In this section
Newborn bloodspot screening (NBS) (formally known as newborn screening testing) commenced in Victoria in 1966, when screening was introduced for Phenylketonuria. Since then, screening has expanded to testing for Congenital Hypothyroidism, Cystic Fibrosis, Phenylketonuria, Congenital Adrenal Hyperplasia (CAH) and over 22 other rare conditions. These rare but serious conditions cannot be seen by just looking at the baby. These tests ensure early detection and treatment of these conditions to save lives.
This guideline provides an outline for medical and nursing staff to perform screening tests for newborn infants at the Royal Children's Hospital.
All newborn infants are screened regardless of gestational age, weight, feeding or health status between 36 and 72 hours of life. Palliated infants: A sample should still be obtained on palliated infants. This may help to exclude diseases which may have implications for the family in future pregnancies. If the sample is taken after the infant dies, write in red on the screening card that it is a “post-mortem” or “peri-mortem” sample as there is a marked difference in the metabolic profile between a live and a deceased infant.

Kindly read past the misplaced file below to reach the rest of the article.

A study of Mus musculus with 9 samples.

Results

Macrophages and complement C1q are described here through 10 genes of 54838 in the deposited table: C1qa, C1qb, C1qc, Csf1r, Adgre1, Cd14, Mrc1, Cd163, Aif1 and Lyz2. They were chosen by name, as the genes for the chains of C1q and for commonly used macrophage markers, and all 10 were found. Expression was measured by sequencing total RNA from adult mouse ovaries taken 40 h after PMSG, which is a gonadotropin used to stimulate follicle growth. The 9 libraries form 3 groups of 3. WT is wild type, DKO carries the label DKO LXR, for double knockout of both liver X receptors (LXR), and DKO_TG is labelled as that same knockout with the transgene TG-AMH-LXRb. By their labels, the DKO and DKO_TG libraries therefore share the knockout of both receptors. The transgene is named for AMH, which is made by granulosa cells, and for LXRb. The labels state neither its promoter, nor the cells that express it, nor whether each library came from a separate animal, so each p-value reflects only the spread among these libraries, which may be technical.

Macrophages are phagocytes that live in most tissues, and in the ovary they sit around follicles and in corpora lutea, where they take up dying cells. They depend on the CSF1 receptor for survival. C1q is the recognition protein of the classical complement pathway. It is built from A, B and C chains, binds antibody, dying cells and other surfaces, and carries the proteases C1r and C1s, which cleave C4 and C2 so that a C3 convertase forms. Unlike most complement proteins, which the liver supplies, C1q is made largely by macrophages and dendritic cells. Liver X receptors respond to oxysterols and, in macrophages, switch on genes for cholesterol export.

NBS flowchart - prem sick neonate v2.1 (vcgs.ninja)
****Blood product is now PRBC or whole blood transfusion or ECMO
Nursing staff on each shift are responsible for
checking that screening is performed or has been performed on infants in their
Note: if parent/guardian not available to provide
written consent - writing ‘verbal consent by phone’ is only acceptable with
written explanation as to why no parent/guardian signature obtainable. Written or verbal consent is only
applicable for the first card sample.
For subsequent samples, parents should know it has
been taken, but are not required to
sign each subsequent card.
Occasionally, stored newborn bloodspot screening cards get used for
research. Some examples are the development of new tests or determining normal
levels of a biomarker. This research is de-identified (i.e. no personal details
are released to the researchers) and must be approved by an ethics committee.
Parents can tick the “No Secondary Research Use” box if they do not wish their
child’s card to be available for such research
If parents refuse to have the test the following steps should be followed:
More information on refusal of
consent can be found here – page 5-7.
Record date and time of sample taken in:
Flowsheets > Primary Assessment > Newborn Bloodspot Screening (NBS).
For more information about what happens after
screening, please refer for the Newborn
Bloodspot Screening Information for Parents brochure.
RCH Newborn Screening Clinical Nurse ConsultantsNoelle Giordano, Tabitha Hole, Mia Normoyle
Phone: (03) 9345 6244 or (03) 9345 6062
Newborn Bloodspot Screening Laboratory
Victorian Clinical Genetic Services
Royal Children's Hospital, Parkville 3052
Tel: (03) 8341 6272 Fax: (03) 8341 6339
Newborn Bloodspot Screening Nurse: Email:
Phone: (03) 8341 6460
Newborn Screening Evidence Table
Please remember to
read the disclaimer.
The development of this nursing guideline was coordinated by Lauren Cross, Registered Nurse/Midwife, Butterfly Ward, and approved by the Nursing Clinical Effectiveness Committee. Updated January 2023.